When John Anderson made a trip to Sub-Saharan Africa, the local solar technology entrepreneur saw a need he wanted to meet. Although mobile technology usage was booming in the continent, African residents also faced limitations in finance and electricity.
“Going over there, my heart fell for the people with no power,” he says. “It’s really debilitating.”
During the past few years, Anderson – a former professor with the University of Denver’s Daniels College of Business who now serves as an affiliated executive faculty member at the College – worked on the development of a high-performance, low-cost solar charger for portable devices. He and colleagues were able to use the photovoltaic price crash to their advantage and created a unique design that they later patented.
Those development efforts resulted in the official formation of Boulder-based World Panel Inc. in November of last year. This past week, World Panel took another big step in accomplishing Anderson’s Africa-related goal.
World Panel entered into a joint venture with OneSource IML, a Golden-based provider of manufacturing and supply chain services, to form OneWorld Solar LLC. The joint venture plans to launch several handheld solar chargers with the initial target market of the hundreds of millions of off-grid cell phones in Africa, Anderson says.
Financial terms of the joint venture were not disclosed.
The joint venture, which was formed specifically to launch the charges in Africa, will be headquartered in Golden. World Panel’s headquarters will remain in Boulder.
“These guys have a global footprint, deep-reaching supply lines and they really had a synergy effect with the culture and the mission (of World Panel),” Anderson says of OneSource. “So it became obvious that we should work together.”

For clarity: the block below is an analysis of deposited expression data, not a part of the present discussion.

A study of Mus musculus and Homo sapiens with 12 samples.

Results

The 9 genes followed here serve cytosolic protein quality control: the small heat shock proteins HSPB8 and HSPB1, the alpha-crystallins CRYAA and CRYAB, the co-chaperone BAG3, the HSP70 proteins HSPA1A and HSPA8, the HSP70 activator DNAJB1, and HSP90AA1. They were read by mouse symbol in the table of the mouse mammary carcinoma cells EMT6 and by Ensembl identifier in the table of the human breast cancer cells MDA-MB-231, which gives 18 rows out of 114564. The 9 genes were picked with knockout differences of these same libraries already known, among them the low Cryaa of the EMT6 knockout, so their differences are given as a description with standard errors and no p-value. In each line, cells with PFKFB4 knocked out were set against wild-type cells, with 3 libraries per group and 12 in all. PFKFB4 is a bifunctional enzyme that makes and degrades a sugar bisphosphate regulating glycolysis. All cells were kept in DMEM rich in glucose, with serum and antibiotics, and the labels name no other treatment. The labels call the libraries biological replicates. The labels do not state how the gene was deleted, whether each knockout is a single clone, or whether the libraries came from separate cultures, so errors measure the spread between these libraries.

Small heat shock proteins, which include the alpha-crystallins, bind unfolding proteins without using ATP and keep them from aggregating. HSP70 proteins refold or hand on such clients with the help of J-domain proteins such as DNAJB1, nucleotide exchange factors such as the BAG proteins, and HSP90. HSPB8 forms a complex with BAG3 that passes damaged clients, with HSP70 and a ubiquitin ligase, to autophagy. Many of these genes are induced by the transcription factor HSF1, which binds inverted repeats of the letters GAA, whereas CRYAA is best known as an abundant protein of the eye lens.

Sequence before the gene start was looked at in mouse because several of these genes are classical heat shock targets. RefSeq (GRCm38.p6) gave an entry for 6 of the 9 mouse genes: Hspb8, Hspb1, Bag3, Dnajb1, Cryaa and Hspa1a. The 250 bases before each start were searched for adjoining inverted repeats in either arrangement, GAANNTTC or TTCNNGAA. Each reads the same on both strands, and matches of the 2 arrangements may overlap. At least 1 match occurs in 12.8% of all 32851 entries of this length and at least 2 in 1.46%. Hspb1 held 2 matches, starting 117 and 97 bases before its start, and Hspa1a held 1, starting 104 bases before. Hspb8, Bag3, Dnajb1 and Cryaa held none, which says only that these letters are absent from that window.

Officials for OneSource were not available for comment late last week.
The joint venture plans to launch its suite of products next month at AfricaCom, a telecommunications trade show. OneWorld Solar plans to exhibit at the three-day event and also further conversations with some of the continent’s largest telecoms, Anderson says.
“Really if you’re going to make any kind of a dent in energy poverty, you’re going to have to be big and you have to be scalable,” he says.
Anderson did not disclose the prices of the solar chargers, but said they were made for people who make $1,500 per year. The cost of a charger could be quickly recovered, he added, noting that owners could sell the electricity from it by charging others’ phones.
When in the Khayelitsha township outside of Cape Town, Anderson sold a charger to a resident who paid $37 – roughly a month’s wage for residents in the township – within minutes of being offered, officials for World Panel said. The resident said he bought the charger because the batteries on his family’s phones were consistently dead and that he would make money by charging others’ phones, officials say.
“It’s a very interesting technology and an extremely interesting market,” Anderson says. “It’s very fun and rewarding.”
According to Anderson, World Panel is in the process of raising its first round of funding. The $1 million round is “almost full” and expected to close next month.
Formed as a “triple-bottom line” company — one with a focus on “people, planet and profit” — World Panel’s potential is great as there are millions of off-grid cell phones across the globe.
“We call it World Panel because everyone can use one in the world, but where do we start,” he says. “You got this great lake here and you’re going to drop a bucket of water in it. Our mission is personal solar for all, and where we go after Africa, we’ll get pulled into it.”